Construction has begun in San Diego on eight, large-scale prototypes for President Donald Trump's oft-promised border wall, U.S. Customs and Border Protection said in a news release Tuesday.
Half of the prototypes will be concrete walls. The other half will be made from "other materials." Each one will be 18 to 30 feet tall and take a month to complete — and in total will cost taxpayers anywhere between $2.4 million and $4 million. DHS has previously outlined a plan for a see-through fence on the side of the border facing Mexico and a concrete wall 150 feet behind that, facing the American side, with an enforcement zone in between.
The border segment prototypes will function primarily for study, an agency spokesman said. The physical prototypes can be disassembled after construction, or left in place.gi
"I'm gonna go out and look at them personally, and I'm gonna pick the right one," Trump said of the segments at a rally Friday in Alabama.
Tuesday's groundbreaking is Trump's most tangible step yet toward making good on his signature campaign promise to build the wall. And it's a goal he appears eager to make progress on. At the same rally, the president inaccurately announced that half the prototypes had already been built.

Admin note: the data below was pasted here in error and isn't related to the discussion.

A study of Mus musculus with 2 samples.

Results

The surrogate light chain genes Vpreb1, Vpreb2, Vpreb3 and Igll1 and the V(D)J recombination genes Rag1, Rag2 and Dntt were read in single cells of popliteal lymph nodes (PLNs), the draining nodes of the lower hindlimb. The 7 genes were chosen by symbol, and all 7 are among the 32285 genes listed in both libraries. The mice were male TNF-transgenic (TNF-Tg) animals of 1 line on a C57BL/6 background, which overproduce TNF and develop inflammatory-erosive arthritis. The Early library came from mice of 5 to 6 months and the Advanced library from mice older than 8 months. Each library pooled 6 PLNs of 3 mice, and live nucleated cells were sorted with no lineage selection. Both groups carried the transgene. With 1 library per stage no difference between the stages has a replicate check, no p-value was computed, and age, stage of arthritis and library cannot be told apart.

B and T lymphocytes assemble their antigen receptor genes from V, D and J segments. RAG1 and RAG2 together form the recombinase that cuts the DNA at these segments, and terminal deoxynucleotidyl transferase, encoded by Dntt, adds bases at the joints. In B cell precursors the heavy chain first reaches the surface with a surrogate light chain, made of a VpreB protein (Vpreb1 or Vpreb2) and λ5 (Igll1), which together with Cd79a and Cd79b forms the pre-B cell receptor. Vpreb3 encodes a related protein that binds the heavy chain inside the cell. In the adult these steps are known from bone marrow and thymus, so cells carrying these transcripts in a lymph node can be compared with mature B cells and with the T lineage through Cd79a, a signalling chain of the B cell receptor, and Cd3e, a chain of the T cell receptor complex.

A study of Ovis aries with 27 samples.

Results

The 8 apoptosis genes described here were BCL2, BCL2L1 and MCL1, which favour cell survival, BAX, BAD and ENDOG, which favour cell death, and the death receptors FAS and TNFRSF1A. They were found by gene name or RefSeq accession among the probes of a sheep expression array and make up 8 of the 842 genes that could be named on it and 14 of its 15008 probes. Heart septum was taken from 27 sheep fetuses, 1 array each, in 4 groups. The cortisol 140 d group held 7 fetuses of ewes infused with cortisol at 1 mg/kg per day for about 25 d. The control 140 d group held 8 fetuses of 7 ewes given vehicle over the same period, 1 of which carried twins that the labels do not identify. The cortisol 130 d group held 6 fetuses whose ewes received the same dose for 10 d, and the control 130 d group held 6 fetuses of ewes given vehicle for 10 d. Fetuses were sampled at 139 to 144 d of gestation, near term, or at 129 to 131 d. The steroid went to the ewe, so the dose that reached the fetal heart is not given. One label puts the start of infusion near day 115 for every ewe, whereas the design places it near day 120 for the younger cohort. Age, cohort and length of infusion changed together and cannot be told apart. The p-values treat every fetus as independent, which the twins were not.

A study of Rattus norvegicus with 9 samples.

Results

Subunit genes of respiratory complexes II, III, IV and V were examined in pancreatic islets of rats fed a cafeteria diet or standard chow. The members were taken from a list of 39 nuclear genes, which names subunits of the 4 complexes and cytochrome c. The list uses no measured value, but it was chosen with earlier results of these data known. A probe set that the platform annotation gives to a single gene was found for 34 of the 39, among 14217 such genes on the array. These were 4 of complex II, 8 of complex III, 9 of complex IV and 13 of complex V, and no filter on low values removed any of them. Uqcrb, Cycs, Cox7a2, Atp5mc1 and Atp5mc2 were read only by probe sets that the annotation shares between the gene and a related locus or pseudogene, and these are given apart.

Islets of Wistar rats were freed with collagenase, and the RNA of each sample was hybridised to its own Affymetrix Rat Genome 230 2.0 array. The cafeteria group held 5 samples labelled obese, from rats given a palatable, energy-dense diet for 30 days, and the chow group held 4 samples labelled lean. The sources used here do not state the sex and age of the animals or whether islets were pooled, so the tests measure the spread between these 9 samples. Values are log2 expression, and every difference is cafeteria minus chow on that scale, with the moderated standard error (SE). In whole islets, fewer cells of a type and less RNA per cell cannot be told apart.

"They take drugs, literally, and they throw it, a hundred pounds of drugs. They throw it over the wall — they have catapults — and it lands and it hits somebody in the head!" Trump said. "Believe it or not, this is the kind of thing that happens. So you need to have a great wall — but it needs to be see through."
Trump ordered construction begin on the wall in January, despite lacking the funding to do so in a significant way. The Senate has so far declined to foot the bill for a $1.6 billion-dollar down payment. Candidate Trump vowed that Mexico would pay for the wall's construction, but the nation has refused.
Meanwhile, a leaked Department of Homeland Security report estimated that building 1,250 miles of fencing and wall would cost $21.6 billion. Customs and Border Patrol had just $20 million on hand in April, according to ProPublica.
Funding is one of many barriers the president faces, including a lawsuit from California alleging that border wall plans violate the rights of states and environmental standards.
CBP's acting deputy commissioner Ronald Vitiello said Tuesday that the prototypes are just one part of a "multi-pronged strategy to ensure the safety and security of the American people includes barriers, infrastructure, technology and people."